A growing body of evidence indicates reduced working hours lead to higher productivity. A recent trial in Japan reduced the working week by 20% which resulted in a 40% increase in productivity and a reduction in running costs. This comes after a similar trial in New Zealand where workers reported experiencing a better work-life balance.
Productivity Gains and Reductions in Costs
Microsoft Japan conducted a month-long experiment as part of their “Work Life Choice Challenge 2019 Summer.” To promote productivity and creativity employees were paid for a five-day week but had Fridays off during August. Financial assistance was offered for expenses related to self-development, family travel and activities contributing to society.
The 2,300 office workers were asked to communicate using an online chat tool instead of meetings and emails. Essential meetings were capped at 5 participants and 30 minutes duration. This resulted in a 40% increase in sales per worker despite the 20% reduction in hours. There was also a decrease of 59% in paper use (printing and copying) and 23% in electricity consumption compared to the same period last year. Overtime hours were kept the same as usual. Microsoft Japan does not plan to introduce a regular 4-day week but may implement it occasionally as 92% of employees view the scheme positively.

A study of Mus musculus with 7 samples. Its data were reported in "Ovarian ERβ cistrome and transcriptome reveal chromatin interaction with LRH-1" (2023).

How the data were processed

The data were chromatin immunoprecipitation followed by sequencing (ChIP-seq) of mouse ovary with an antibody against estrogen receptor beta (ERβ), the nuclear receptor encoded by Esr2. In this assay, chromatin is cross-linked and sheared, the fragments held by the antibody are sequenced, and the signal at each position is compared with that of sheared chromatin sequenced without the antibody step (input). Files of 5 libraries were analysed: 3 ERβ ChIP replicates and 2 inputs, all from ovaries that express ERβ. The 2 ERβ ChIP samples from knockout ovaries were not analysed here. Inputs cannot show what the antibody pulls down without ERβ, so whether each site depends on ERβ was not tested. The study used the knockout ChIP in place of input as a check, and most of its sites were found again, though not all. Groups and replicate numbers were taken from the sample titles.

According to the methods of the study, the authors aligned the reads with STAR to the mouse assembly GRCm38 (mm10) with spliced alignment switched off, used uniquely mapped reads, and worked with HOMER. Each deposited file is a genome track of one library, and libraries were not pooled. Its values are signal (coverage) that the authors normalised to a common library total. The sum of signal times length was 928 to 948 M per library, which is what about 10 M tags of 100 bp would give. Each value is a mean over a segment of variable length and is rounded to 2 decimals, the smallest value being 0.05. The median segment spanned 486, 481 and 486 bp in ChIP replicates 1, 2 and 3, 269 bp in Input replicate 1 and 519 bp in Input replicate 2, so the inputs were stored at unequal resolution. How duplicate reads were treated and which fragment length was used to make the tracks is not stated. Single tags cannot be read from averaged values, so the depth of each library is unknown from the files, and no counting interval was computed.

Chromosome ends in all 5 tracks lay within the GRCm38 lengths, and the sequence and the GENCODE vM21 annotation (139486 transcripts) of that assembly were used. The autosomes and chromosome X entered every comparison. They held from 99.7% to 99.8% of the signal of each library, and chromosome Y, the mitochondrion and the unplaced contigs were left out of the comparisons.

A Better Work-Life Balance
An eight-week study was conducted at Perpetual Guardian, a NZ estate planning firm, last year. Monitored by academics from the University of Auckland, results revealed a maintenance of productivity and an increase in wellbeing. The 240 staff reported on stress and work-life balance before and after the study; stress levels fell from 45% to 38%, whilst work-life balance increased from 54% to 78%.